Amman, Jordan – An Ancient City Inhabited Ever Since 7250 BC

Amman, Jordan is best known as the capital of Jordan but it’s also the world’s oldest and most consistently inhabited city, have originally been founded in 7250 BC. Not surprisingly, all of our existing Egypt and Jordan tours include a stay in Amman.

View of Amman in Jordan

View of Amman and the Roman Theatre, Jordan

There are more historical tourist attractions in Jordan than the average traveler could ever dream of seeing in a quick two or three week vacation. However, the capital city has proved to be one of the top favorites. In fact, Amman, Jordan is the world’s oldest constantly inhabited city, and if historical records are anything to go by, there have been people living in the region since 7250 BC.

Amman, Jordan Today

Amman, Jordan has experienced a massive amount of economic growth in recent years, and considerably more than any other Arab city in the world apart from one or two in the Gulf region. The city has also officially been named as one of the best cities in the Middle East and North African region. It’s also the second most popular city in the region as far as multinational businesses are concerned, second only to Dubai.

Amman is furthermore an extremely popular tourist destination. Not only is it a modern city full of bright lights and  world class resorts; museums; galleries and so on, but it also has a hefty helping of historical attractions which help to lure countless tourists to the city each year.

Explore this truly fascinating city and so much more with our truly flawless Egypt and Jordan tours that include excellent accommodation, modern air-condition transport, and professionally guided excursions.

A Brief History Of Amman

Archeological discoveries of artistic works have led researchers to believe that the people who first inhabited the Amman, Jordan area must have lived in a very well structured and very orderly society. Many thousands of years later, the area was seized by the Greek Macedonians who in turn changed the original name to Philadelphia.

In 106 AD, the Macedonians lost the city to the Romans, and it then became part of the Roman Decapolis. Like so many other places in the region, the once thriving city was all but destroyed due to several natural disasters, leaving behind only ruins and a tiny village.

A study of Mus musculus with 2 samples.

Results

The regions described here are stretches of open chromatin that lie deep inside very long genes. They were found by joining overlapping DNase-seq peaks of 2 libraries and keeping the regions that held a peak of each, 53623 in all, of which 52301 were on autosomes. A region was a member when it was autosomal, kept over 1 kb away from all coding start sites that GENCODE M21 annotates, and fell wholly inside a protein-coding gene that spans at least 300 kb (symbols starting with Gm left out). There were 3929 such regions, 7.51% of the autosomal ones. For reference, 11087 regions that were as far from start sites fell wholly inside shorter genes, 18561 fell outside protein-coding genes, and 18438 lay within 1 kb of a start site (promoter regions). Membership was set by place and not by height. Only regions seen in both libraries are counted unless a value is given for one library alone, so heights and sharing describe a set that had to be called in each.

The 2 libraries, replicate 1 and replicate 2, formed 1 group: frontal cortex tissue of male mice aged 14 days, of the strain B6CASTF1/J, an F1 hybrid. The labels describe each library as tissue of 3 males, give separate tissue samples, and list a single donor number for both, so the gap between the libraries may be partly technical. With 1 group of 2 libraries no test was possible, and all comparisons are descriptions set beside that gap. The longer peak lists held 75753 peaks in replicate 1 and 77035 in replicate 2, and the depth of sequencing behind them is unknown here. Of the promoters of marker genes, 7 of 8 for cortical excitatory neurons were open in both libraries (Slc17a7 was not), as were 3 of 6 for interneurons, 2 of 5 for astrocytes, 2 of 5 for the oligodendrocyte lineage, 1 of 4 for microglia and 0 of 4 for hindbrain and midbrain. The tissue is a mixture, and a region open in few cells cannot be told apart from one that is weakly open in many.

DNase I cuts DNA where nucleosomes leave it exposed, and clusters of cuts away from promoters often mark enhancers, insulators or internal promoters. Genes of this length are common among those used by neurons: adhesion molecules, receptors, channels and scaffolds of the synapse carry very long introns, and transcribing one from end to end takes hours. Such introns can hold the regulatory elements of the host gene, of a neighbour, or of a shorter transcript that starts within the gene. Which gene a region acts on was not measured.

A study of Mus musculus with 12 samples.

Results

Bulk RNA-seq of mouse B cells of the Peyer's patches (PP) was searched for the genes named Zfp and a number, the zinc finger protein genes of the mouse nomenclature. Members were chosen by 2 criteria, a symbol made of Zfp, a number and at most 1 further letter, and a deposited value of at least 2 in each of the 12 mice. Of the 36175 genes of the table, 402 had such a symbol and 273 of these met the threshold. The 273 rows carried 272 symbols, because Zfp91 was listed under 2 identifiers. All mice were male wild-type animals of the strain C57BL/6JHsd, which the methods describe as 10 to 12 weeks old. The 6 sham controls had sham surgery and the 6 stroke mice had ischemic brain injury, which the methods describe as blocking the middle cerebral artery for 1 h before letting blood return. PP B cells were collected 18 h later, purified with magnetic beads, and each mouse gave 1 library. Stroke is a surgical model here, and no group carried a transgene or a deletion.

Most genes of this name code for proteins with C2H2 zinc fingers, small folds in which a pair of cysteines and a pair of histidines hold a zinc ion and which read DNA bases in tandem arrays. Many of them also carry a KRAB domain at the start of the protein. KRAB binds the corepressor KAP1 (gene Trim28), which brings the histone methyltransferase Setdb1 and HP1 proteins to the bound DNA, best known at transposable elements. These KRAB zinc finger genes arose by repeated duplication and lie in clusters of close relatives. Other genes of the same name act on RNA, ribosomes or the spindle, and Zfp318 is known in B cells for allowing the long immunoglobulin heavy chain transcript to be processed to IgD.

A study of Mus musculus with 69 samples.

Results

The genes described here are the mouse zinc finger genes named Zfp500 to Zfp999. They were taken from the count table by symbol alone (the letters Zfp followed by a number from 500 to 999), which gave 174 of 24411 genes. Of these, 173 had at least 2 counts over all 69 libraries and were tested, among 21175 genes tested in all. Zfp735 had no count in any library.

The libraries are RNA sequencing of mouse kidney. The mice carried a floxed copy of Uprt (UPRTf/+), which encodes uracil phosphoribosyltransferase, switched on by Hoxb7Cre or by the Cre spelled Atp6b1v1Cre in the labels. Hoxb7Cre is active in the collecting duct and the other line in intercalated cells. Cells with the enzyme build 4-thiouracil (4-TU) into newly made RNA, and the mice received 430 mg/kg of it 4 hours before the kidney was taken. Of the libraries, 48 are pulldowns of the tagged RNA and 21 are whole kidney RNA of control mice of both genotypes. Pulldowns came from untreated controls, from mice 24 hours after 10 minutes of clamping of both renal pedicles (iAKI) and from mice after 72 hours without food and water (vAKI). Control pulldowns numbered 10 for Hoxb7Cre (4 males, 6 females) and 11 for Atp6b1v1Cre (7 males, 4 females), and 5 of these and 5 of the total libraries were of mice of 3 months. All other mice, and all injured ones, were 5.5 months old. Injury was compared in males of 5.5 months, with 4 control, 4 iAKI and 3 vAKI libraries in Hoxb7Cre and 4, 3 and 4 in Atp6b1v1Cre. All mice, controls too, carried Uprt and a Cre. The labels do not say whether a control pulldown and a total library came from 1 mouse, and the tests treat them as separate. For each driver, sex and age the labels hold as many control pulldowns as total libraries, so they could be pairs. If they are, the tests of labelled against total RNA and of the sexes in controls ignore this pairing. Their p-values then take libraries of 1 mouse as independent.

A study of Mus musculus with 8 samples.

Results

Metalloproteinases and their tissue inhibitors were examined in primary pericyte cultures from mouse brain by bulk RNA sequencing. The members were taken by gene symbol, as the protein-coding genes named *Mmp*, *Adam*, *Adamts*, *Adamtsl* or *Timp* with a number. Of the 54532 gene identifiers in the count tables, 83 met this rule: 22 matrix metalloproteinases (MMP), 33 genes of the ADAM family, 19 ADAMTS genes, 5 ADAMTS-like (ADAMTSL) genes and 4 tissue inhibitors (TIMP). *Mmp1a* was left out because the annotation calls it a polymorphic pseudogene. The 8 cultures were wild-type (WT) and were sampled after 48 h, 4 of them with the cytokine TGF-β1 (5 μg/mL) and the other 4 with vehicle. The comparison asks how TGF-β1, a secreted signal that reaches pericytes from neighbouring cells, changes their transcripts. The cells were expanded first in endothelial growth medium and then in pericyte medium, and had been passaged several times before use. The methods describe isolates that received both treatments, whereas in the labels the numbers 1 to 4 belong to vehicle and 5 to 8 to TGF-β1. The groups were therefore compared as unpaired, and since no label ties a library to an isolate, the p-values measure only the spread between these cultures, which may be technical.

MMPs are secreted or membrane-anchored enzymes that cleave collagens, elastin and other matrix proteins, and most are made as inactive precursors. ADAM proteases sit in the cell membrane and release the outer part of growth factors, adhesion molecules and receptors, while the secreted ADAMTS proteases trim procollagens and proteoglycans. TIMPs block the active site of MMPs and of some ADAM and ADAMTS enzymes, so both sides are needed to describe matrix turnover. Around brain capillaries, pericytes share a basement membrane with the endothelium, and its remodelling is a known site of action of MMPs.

A City Is Reborn

Many Circassians were driven out of their homeland before and during the 1862 Russian-Circassian war, and ended up settling in various parts of the region, including the area which is now home to Amman. Later, when the Ottoman Sultan of the time decided to build the Hejaz railway, the area began to change rapidly.

One of the reasons why the sultan built the railway was to facilitate the yearly Hajj pilgrimage. However, the railway also provided an efficient and permanent trade route, and it was this which finally put Amman, Jordan back on the map in terms of commerce.

In 1921 King Abdullah I of Jordan decided to make Amman the capital of his newly founded State which was called the Emirate of Transjordan. Interestingly enough, there was no palace in the area at the time so the King used a train coach as an office, with the railway station being the State’s headquarters.

The Israeli-Palestinian Conflict

Amman experienced only a modest amount of growth until 1948 when thousands of Palestinian refugees began arriving from what is now Israel. This huge influx of people resulted in a rapid increase in the population. By 1970, the Palestinians had formed the PLO (Palestine Liberation Organization) and violent clashes with the Jordanian authorities caused a significant amount of damage to the city.

The population has expanded rapidly on other occasions as well, and also as a result of refugees arriving from areas of war. To this day, Amman continues to grow at an almost alarming pace, and many experts warn that such rapid expansion doesn’t allow for proper town planning. There are also concerns that Jordan could end up in a position where there is simply not enough water available for everyone.

A Place That Tourists Love

At present, an average of 2 million tourists visit Amman Jordan each year, contributing roughly 1.3 billion dollars towards the country’s economy. Remarkably, nearly half of all the visitors to the country visit Amman. The city is home to some of the country’s very best souks; museums; monuments and historical sites, including the famous Roman Theater; the Temple of Hercules and etc.

If you would like to experience Amman Jordan, the oldest city on earth, explore our Egypt and Jordan Tours now. We’ve been organizing and providing tours of the Middle East for more than fifty years already, and we’ve designed several package tours based on our experience. We can also customize any of the packages offered, or even tailor one just for you. With 24/7 customer service, help is never far away.